Essential Portugal tourist information so that you can plan ahead and have a hassle-free holiday! In this comprehensive guide, you will find everything you need to know about Passports & visas, coronavirus restrictions, customs regulations & airport taxes, time zones, money, tipping, SIM cards & public wi-fi, Portugal travel cards, electrical sockets, and weights & measures in Portugal.
Passports and Visas
In order to enter Portugal, your passport must be valid for at least 6 months after the day you plan to leave Portugal. They may ask you for proof of funds to provide for your stay, but this is increasingly unlikely.
Visas are not required for passengers entering Portugal from the EU, the U.S., U.K, and Australia
If you are coming from a Schengen region of the EU, your passport must be valid for 3 months after the day you are planning on leaving and you will need to show your Identity Card to enter the country.
Changing almost monthly, it’s important to stay up to date with the latest COVID-19 restrictions and entry requirements. Entry requirements vary for travelers from different countries. You may require (a) to quarantine, (b) Proof of vaccination status, (c) to complete a Passenger Locator form, (d) evidence of recent negative COVID-19 tests, (e) masks, (f) social distancing.
The Visit Portugal website has a section for the latest Coronavirus regulations.
Customs Regulations and Airport taxes
There are no airport taxes to pay when you arrive in Portugal. However, there are maximum limits to the amount of alcohol, cigarettes, and the currency you can bring into the country. This amount is higher for passengers who have purchased the items in EU countries. You can find out more about import limited at www.dgav.pt.
Portugal has two time zones and observes daylight saving time. Continental Portugal and Madeira use UTC+00:00, while the Azores use UTC–01:00.
Money in Portugal
The official currency of the Portuguese Republic is the euro, (EUR). One euro is divided into 100 cents (centavos). You may only be able to get 200 EUR from an ATM at one time.
Keep your belongings safely stored, and close to your body, and be extra alert around tourist sites, including beaches, castles, and cruise docks. Like anywhere, avoid dimly lit places at night. Bag snatching, car burglaries, pick-pocketing, drink spiking, and accommodation scams all occur in Portugal, as they do in almost if not all, other countries.
Portugal Clean and Safe a website by the Portuguese government has been created to help visitors travel safely and healthily.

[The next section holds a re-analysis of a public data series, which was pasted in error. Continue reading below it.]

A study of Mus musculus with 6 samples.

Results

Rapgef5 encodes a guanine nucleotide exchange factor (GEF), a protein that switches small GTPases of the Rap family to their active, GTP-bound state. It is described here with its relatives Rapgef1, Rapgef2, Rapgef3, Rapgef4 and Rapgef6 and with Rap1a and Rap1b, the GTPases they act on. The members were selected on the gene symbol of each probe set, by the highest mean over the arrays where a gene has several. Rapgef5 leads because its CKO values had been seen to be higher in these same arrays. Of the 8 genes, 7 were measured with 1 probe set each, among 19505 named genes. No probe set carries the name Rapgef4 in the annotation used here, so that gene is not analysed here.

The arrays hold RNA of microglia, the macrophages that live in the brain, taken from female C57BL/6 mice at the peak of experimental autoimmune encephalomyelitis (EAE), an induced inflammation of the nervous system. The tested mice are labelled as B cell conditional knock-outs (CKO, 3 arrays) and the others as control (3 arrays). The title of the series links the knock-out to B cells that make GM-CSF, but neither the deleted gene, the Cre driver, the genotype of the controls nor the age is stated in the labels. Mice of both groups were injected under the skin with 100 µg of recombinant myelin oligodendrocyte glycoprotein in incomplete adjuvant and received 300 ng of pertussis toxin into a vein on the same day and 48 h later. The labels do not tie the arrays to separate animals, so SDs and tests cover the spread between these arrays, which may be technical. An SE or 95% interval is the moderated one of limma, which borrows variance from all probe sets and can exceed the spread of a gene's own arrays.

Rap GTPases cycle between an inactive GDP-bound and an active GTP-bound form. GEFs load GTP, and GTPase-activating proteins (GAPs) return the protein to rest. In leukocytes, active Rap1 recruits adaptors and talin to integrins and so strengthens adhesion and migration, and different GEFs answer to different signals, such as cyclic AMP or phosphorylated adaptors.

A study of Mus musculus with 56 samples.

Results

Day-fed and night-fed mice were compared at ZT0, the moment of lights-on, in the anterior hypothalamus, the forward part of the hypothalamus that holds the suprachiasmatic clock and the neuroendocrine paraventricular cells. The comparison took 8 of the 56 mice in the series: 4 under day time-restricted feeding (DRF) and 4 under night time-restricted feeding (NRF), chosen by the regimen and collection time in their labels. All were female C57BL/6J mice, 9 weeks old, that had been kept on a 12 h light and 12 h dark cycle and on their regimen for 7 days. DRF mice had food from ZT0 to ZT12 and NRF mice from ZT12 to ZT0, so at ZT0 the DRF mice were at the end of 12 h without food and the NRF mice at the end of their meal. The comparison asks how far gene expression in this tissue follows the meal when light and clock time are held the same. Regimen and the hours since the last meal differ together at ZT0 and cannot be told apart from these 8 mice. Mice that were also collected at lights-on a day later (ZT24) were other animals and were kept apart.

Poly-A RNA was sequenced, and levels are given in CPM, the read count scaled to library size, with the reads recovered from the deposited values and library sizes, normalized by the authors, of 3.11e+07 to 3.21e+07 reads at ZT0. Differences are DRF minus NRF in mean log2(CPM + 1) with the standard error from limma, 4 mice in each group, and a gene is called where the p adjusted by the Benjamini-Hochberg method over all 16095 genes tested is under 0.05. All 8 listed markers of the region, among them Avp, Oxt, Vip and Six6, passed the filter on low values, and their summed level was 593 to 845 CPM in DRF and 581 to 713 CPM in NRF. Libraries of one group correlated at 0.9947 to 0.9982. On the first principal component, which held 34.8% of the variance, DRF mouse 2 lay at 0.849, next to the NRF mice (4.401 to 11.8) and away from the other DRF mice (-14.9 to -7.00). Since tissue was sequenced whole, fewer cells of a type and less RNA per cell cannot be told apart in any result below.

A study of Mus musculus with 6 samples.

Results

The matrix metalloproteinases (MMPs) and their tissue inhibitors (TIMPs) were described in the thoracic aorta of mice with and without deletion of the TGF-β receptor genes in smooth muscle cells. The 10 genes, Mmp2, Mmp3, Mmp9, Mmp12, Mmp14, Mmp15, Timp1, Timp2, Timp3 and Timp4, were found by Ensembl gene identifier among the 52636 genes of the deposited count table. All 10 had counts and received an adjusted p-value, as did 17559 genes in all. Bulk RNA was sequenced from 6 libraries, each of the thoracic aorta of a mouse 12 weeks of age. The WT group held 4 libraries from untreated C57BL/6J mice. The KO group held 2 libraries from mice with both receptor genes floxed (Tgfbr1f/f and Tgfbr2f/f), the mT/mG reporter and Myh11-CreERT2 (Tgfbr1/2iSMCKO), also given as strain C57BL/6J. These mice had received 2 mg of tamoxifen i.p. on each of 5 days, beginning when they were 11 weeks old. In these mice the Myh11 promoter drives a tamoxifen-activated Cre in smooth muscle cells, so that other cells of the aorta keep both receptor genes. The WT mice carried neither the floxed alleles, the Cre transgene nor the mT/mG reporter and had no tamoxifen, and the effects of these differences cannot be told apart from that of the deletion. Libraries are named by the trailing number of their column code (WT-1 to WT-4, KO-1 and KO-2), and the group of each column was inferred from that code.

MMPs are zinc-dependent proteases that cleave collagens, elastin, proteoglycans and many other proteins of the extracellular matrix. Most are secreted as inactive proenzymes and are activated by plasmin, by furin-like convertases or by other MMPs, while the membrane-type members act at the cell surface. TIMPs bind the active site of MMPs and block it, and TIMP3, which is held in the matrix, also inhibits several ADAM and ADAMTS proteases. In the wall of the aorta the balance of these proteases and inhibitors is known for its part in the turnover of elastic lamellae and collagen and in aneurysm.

Tipping in Portugal
Portugal’s wages, while high by global standards, are amongst the lowest in Western Europe. Tipping is not mandatory, but it is very common and usually in cash to make sure your waitstaff receives it.
Tip between 5-10% or round up the bill. If a 10% Service Charge is added to the bill, then there’s no need to tip.
For tour guides, tip €5-10 for a half-day, and €10-20 for a full day. On free tours €5-10 is the norm.
SIM cards and Public Wi-fi
If you’d like to phone home and keep in touch while you’re on holiday in Portugal, you’ll need a Portugal SIM. There are areas of public Wi-fi, but they are not extensive, especially outside the downtown areas of the major cities and towns.
MEO, Vodafone, and NOS are the three mobile providers, with MEO the largest.
You’ll see Vodafone shops in the major airports. It’s a cheap and simple solution to staying in touch. It’s also possible to pre-purchase a SIM and an e-SIM.
Portugal Travel Cards
City Cards such as the Lisbon Card and the Porto Card give you free transportation and some also offer discounts on activities. They can even be used for day trips, such as a day trip from Lisbon to Sintra.
These cards can be combined with hop-on hop-off sightseeing buses. See the range of all Portugal cards here.
Portugal’s standard voltage is 230 V and the standard frequency is 50 Hz. Depending on where you are traveling from, you may need to purchase a travel adapter. The correct adapter type for Portugal is Type F.
Weights & Measures
Portugal uses the metric system – so, for example, kilograms and not pounds, kilometers rather than miles, as well as the Celsius (rather than Fahrenheit) temperature scale.